The Corona Crisis and the Built Environment

By Eliza Maria George, architect (India)

 

The main impacts of the pandemic are the closing of national and interstate borders, and the inevitable  fall of the economy. Both of these factors greatly influence both design and execution of design of the built environment, and the role of the architect or planner.

PLANNING OF THE UTOPIAN CITY

The old school goal of glocalization of economic goods, which we have come so close to achieving, has left us currently in a situation where our food and other necessary resources come from across political borders, a situation which leaves us deeply dependant on other states. This is not the way forward. Every state has to be self sufficient in terms of all basic resources, in specific  food, energy, waste management and water. At a macro level, this has to be ideally incorporated in the planning stage of every city. The planning should also ensure minimum requirement for resources.

 In a utopian scenario, the zoning should ensure minimum travel distances to the work place and to the schools. The concept of neighborhoods could be considered, where everything is available and produced within a reachable radius, reachable preferably by foot or by public transport. With the onset of the ‘work-from-home’ culture, the need for elaborate offices and infrastructure will come down. Co-work spaces will become more popular for occasional physical meetings. Cities will have to be designed around pedestrian movement  and not vehicular movement. This would reduce the need for fuel, maintenance of roads and other related services. The design of the city can become more green, self sufficient and therefore eco-friendly.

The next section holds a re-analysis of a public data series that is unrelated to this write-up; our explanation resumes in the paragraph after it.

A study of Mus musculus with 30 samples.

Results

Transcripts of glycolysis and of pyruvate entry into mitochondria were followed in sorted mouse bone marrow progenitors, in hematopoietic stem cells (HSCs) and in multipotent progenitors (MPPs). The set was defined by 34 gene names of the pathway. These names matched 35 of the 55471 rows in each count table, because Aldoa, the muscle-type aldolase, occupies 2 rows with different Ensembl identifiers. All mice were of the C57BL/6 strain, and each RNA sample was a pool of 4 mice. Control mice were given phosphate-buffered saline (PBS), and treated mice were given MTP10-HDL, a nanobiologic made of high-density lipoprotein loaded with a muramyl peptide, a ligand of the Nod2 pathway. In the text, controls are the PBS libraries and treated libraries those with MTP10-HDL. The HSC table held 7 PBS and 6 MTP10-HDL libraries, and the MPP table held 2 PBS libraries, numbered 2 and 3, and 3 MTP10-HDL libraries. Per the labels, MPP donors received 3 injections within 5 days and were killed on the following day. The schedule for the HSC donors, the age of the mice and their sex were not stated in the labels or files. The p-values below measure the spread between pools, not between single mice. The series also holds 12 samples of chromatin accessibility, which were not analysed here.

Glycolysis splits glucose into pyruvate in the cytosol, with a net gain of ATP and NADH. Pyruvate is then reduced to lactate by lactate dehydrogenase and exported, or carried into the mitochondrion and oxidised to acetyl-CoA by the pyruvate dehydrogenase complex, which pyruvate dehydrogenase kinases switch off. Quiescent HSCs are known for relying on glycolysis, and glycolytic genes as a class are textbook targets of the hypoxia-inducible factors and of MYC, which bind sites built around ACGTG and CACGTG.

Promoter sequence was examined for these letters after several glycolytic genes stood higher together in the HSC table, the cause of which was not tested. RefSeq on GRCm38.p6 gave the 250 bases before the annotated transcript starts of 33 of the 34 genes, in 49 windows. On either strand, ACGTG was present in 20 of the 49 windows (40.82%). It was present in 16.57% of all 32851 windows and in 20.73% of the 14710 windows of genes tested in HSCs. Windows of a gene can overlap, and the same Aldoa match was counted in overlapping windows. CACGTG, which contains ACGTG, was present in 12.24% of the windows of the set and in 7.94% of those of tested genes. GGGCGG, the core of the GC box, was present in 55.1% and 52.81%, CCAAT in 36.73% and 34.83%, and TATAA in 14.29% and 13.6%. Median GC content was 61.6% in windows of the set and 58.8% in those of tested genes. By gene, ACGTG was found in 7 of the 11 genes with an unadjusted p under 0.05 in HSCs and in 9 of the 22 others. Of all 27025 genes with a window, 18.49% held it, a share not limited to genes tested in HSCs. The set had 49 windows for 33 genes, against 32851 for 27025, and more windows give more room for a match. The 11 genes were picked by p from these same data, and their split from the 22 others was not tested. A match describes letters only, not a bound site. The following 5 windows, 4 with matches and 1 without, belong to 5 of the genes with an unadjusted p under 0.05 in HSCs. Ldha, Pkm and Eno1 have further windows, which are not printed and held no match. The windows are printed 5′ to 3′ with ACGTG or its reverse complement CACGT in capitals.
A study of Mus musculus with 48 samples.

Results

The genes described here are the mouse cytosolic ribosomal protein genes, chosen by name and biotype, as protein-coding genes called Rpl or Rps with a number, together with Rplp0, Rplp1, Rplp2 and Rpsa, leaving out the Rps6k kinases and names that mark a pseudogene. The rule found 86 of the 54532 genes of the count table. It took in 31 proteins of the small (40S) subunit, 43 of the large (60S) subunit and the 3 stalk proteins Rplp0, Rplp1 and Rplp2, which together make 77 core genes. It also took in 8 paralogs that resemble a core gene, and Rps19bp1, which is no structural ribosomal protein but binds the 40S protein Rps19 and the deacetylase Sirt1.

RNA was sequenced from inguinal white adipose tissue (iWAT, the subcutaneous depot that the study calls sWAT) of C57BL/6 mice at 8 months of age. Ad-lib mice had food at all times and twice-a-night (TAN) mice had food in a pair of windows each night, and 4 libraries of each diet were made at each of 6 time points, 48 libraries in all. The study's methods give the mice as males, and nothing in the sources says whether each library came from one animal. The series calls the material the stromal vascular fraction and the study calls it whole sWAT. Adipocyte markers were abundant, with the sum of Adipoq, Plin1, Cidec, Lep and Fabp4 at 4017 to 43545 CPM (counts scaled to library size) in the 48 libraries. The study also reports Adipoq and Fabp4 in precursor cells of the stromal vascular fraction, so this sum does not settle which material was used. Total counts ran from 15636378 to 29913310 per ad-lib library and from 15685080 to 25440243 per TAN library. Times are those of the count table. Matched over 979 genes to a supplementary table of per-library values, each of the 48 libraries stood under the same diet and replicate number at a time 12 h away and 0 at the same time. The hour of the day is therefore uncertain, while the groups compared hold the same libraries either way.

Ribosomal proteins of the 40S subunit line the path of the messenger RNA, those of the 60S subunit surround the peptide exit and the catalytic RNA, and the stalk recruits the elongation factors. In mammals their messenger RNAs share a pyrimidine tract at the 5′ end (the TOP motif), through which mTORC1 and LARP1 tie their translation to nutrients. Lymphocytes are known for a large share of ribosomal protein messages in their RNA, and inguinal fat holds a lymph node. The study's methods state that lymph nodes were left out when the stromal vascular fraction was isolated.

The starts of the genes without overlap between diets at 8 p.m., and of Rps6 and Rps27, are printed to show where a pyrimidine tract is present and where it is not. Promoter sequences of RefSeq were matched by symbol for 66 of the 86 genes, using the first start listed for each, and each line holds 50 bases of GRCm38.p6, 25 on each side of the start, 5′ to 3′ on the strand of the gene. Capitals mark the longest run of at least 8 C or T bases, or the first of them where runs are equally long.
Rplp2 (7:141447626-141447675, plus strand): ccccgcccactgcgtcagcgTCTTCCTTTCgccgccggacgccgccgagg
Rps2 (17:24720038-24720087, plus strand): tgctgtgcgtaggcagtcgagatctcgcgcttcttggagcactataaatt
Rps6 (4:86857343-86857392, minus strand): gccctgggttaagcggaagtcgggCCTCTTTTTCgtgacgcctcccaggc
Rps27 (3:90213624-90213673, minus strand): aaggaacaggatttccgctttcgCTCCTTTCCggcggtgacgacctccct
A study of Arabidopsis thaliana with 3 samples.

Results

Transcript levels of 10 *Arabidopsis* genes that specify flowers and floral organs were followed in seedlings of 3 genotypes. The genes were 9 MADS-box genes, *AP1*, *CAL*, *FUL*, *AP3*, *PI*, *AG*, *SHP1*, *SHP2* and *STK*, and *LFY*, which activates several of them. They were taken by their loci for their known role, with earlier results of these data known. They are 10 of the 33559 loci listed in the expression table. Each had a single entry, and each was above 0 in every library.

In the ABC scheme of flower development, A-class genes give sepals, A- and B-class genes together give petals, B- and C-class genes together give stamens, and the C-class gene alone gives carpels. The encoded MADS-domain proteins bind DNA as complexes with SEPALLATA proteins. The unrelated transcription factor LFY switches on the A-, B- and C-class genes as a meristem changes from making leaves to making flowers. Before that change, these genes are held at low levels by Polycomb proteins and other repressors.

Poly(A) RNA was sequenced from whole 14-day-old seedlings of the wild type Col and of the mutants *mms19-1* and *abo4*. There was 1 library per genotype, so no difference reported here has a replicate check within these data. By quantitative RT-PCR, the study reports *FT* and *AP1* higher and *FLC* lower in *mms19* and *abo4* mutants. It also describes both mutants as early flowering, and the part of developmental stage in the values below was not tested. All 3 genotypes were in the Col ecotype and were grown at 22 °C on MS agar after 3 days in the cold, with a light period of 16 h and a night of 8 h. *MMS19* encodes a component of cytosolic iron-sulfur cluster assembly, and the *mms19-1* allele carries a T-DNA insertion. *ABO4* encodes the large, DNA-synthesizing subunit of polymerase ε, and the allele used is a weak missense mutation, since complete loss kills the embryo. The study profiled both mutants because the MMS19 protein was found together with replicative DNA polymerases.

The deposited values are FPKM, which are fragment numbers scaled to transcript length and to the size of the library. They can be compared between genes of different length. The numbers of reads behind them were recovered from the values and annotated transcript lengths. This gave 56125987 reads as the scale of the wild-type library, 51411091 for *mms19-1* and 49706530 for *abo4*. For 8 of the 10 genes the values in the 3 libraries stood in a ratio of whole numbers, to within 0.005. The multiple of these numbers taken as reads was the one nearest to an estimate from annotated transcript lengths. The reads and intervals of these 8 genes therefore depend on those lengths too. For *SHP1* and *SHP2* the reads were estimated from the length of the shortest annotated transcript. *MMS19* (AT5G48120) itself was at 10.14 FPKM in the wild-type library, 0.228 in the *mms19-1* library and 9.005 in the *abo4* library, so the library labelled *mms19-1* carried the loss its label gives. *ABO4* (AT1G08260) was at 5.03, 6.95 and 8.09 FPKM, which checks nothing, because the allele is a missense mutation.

If anything, the Corona Lockdown has shown us how quickly the air can become clean without vehicles on the streets, and how clear the night sky becomes without pollution. The scarcity in resources points out the need for resource self sufficiency of every state or city.

ARCHITECTURE AT THE MICRO LEVEL

With the fall of the economy, people will not be willing to spend excessively on offices, shops, homes and other small projects. They will require more from less. Architecture will have to adapt to reduce construction cost and therefore increase expenditure on businesses for the economy to grow.

 The role of the architect will get more inclined to low cost methods for construction and minimal maintenance of the built form. Passive heating and cooling will become inevitable to reduce running costs, and traditional architectural practices specific to every climate zone will have to be looked at and studied in detail.

Flexibility and multi use spaces will be required with mixed use development of new projects. The work from home culture will require more efficient homes.

All these points will have to be addressed in the design stage itself. The need for the architect to become increasingly sensitive to the economic scenario and the climatic impact will lead to more responsible designs in the future.